Is Your Tax Refund Too Big?

You may be familiar with the excited exclamations of “I’m going to do this with my tax return,” or “I’m going to buy that with my tax return!” at tax time.In fact, you may even have expressed a similar sentiment yourself in the past, but have you ever stopped to think that maybe a big tax return isn’t a good thing? This year, the average taxpayer will receive a refund of $2,893. While that’s certainly a nice bump in cash flow, a lot of people look forward to it as a chance to splurge, pay down debt or add to their savings. But those people could have had that money all year long, if they had only withheld less of their paycheck.

Getting a big refund just means that you gave the government an interest free loan for a year.

A lot of people view their tax refund as a nice cash windfall, but if you had withheld less of your paycheck, you could have put that money in a savings retirement account to accrue interest throughout the year, or invested it in some other interest earning program.

While there is no right or wrong answer to how much of a refund you should aim to get back from the IRS, we know it can be tricky to estimate, and we want to help you figure out the best way to get the most of your money. However, it’s definitely worthwhile to regularly evaluate your with-holdings, and here’s why:

Major Life Changes

You may be used to receiving a tax refund – after all, 82% of American taxpayers consistently receive one – but a significant life change can affect how much you receive, or even if you get one at all. And it can be pretty shocking to find out that not only do you NOT get one this year, but that you owe money. Marriage, divorce, the birth or a child, the adoption of a child or a drastic change in your income should trigger a review of how much you have withheld from each paycheck.

Look for Patterns

While a major life change should evoke an evaluation of your with-holdings, if you receive a similar refund each year, you may want to reconsider how much you have withheld, because a consistently large refund means that you’re consistently doing something wrong. We understand that it’s difficult to be 100% accurate when estimating with-holdings, and we also understand that the last thing you want to do is owe the IRS at the end of the year, but withholding too much may not be the best thing for your long-term financial health.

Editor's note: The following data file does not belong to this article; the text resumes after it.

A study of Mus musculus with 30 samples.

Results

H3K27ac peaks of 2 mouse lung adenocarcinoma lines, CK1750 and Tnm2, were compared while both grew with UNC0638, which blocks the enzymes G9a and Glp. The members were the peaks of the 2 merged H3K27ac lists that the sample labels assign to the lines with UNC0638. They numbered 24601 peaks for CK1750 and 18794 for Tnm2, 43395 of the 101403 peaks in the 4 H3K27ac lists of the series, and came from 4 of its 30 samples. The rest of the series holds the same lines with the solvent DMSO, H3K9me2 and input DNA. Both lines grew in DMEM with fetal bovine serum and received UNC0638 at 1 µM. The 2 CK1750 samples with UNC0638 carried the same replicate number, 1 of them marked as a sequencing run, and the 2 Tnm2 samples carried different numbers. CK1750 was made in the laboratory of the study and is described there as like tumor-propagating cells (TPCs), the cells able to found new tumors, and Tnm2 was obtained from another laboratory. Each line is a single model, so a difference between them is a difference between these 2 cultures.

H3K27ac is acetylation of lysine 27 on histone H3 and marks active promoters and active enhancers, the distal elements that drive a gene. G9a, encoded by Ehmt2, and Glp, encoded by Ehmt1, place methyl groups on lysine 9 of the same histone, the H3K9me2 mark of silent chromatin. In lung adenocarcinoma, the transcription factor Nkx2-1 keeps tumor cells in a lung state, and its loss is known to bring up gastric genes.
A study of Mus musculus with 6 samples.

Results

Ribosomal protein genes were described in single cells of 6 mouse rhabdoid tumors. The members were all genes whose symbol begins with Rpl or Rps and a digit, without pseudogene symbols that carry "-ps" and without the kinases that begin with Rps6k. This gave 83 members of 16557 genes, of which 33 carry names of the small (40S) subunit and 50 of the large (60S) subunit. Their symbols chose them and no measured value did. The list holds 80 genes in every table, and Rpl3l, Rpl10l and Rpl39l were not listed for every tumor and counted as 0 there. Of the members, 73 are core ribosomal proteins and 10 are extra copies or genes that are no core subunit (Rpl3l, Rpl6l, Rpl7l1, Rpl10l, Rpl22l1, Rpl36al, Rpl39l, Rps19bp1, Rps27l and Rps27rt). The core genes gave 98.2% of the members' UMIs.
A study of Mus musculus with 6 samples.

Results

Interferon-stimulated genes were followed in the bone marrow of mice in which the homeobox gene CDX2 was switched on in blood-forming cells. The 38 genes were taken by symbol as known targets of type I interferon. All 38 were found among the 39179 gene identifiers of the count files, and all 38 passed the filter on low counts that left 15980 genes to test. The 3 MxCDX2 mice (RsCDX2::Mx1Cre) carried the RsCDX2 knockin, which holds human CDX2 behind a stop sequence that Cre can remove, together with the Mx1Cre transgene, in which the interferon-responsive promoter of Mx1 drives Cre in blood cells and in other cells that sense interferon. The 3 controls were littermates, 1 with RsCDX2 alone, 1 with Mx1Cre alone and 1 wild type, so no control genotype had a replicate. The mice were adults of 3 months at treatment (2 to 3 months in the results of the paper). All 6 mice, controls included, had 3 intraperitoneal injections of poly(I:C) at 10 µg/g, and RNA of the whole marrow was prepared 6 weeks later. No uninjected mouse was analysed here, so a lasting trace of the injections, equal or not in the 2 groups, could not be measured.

According to one expert, a good place to be is owing a little bit, or getting a little bit back. Where’s a good place? According to the same expert, keeping your refund under $1000 is a good start.

Know Your Saving / Spending Habits

Some people believe that they wouldn’t be able to save that money if it didn’t come in a lump sum at the end of the tax year, and they view their tax refund as a forced savings. While we understand this – after all, everyone has their own way of doing things – if your refund exceeds $5,000, we encourage you to put 45-50% of it toward an IRA or other retirement savings account. Put the other 45-50% toward your debt (if you have any), and spend the remaining 5-10% on yourself, as a reward.

Also, consider the big picture first: do you look forward to a large tax refund but struggle to meet your savings goals on a monthly basis? If you find that you spend a lot of money but never have enough to set aside for the future, it’s time to revisit your withholding (and reevaluate your spending habits, too).

Food for Thought

Tax with-holdings are just an estimate of how much you’ll owe that current tax season, and it may take a few years before you’re finally able to find that “good place” mentioned above. It’ll also take a reevaluation of your current lifestyle and spending habits to determine what amount of withholding is best for you. For help with reevaluating your with-holdings so that you can maximize your earnings, visit http://www.irsallstar.com/our-services#15 or call 877-254-4254 today.